A fresh inquiry is being launched into how to protect soldiers from “the spectre of investigation and re-investigation” into alleged Troubles crimes.
It will be conducted by the MPs on Westminster’s defence committee, and has been spurred on by the government shying away from the idea of creating a de facto amnesty for former military personnel.
Announcing the new inquiry the committee’s chairman, Tory MP Julian Lewis, today repeated the call for such a statute of limitations to be considered by the government.
Among the things the fresh inquiry will investigate will be if and how such a statute of limitations can be made consistent with “the UK’s international legal obligations”.
The announcement has been made while the government is in the midst of a consultation on how to deal with the legacy of the Troubles.
Written submissions can be made to the defence committee’s inquiry from now until July 24, and the committee intends to take oral evidence when Parliament reconvenes in September after the summer recess.
It is thought the inquiry could go on until at least the early New Year of 2019.
As well as the Troubles, it will also explore the idea of a statute of limitations in general, covering other conflicts.
The committee is made up of three Tories (not including the chairman), five Labour MPs, one from the SNP, and the DUP’s Gavin Robinson.
Last year it had carried out an inqury called ‘Investigations into fatalities in Northern Ireland involving British military personnel’.
This concluded last April, and found that the instability of bodies set up to police Northern Ireland’s past, their lack of manpower, and questions about their independence all mean it “is clear that the status quo is not sustainable”.
It recommended “the enactment of a statute of limitations, covering all Troubles-related incidents, up to the signing of the 1998 Belfast Agreement, which involved former members of the Armed Forces” – with a further recommendation that this also be extended to cover the RUC too.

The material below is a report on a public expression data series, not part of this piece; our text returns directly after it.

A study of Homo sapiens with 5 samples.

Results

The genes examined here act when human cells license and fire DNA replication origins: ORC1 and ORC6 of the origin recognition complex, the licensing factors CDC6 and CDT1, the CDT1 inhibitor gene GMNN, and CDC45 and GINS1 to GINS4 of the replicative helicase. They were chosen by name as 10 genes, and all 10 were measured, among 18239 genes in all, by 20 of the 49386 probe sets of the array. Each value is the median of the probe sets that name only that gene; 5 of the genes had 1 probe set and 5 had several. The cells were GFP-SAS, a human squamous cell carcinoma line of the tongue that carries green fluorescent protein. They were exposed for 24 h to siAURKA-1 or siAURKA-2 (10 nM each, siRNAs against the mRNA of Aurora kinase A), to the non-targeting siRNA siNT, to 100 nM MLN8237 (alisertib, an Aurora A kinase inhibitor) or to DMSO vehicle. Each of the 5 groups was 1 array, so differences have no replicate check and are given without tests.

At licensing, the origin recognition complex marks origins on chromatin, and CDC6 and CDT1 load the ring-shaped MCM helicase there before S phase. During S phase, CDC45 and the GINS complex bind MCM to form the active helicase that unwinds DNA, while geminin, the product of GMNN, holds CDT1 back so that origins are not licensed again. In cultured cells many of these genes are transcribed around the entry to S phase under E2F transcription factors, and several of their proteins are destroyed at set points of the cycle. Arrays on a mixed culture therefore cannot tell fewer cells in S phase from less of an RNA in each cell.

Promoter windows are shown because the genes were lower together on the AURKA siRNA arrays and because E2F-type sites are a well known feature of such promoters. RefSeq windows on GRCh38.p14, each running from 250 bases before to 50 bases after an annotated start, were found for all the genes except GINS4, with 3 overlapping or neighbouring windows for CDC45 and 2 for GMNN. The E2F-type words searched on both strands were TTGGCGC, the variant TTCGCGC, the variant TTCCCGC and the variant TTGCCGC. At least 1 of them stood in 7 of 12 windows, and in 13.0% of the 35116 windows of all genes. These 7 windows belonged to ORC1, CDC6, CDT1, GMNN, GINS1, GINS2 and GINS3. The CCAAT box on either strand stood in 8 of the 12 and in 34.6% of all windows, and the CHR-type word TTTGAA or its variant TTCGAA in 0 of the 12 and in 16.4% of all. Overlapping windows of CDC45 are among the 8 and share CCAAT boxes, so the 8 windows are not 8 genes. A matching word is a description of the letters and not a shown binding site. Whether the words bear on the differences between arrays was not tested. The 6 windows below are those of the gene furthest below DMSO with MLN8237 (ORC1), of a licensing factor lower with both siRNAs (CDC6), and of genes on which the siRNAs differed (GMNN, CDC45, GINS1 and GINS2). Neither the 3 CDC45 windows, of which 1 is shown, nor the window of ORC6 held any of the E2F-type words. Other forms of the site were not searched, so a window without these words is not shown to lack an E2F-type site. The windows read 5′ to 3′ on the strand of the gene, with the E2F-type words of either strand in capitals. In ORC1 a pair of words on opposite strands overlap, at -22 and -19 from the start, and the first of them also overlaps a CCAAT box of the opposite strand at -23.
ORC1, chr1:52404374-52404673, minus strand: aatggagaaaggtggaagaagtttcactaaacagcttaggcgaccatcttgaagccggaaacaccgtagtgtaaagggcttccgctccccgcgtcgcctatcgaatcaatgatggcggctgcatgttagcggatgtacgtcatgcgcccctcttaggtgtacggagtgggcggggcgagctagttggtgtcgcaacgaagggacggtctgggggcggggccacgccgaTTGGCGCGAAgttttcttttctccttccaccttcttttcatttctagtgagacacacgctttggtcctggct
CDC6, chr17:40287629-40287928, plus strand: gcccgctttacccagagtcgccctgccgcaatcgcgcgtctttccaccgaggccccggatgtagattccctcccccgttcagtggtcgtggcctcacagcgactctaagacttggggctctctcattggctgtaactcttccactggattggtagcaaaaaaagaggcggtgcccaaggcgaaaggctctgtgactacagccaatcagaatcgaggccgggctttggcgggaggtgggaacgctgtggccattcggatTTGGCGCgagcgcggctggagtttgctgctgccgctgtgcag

This would effectively be a criminal amnesty, but would be accompanied by a “truth recovery mechanism” so bereaved families could find out more about why and how their loved ones died.
Dr Lewis said the call for a statute of limitations had been “unanimous” among committee members.
In a letter to Northern Ireland Secretary Karen Bradley today, Dr Lewis declared that its report from last year was being entered as its formal response to the current public consultation on legacy, which began on May 11 and ends on September 10.
In response to the committee’s findings last April, the government had said that it “intends to include” what it called “alternative ways forward” for dealing with the past as part of that consultation.
However, Dr Lewis has written to Mrs Bradley to say the committee is “particularly disappointed and frankly surprised” that the consultation which was put before the public “contains no such section”.
It continues: “Indeed, our concerns are such that we intend to return to the subject of statute of limitations... The government has a moral duty to defend those who served in the defence of our country, whether that was in Northern Ireland, Iraq or Afghanistan.”
WHAT IS IT GOING TO LOOK AT?
The committee said that the following questions will be paramount.
What are the reasons for investigations into former service personnel?
Following Iraq and Northern Ireland, which previous campaigns are likely to be the next target of investigations?
What are the steps that the Government should take to protect service personnel from investigations and prosecution for historic allegations?
What difficulties do the UK’s international legal obligations pose for any attempt at protecting service personnel?
Can a Statute of Limitations, extended to all previous conflicts, be designed in such a way as to be consistent with these obligations?
What should be the cut-off date for the Statute of Limitations?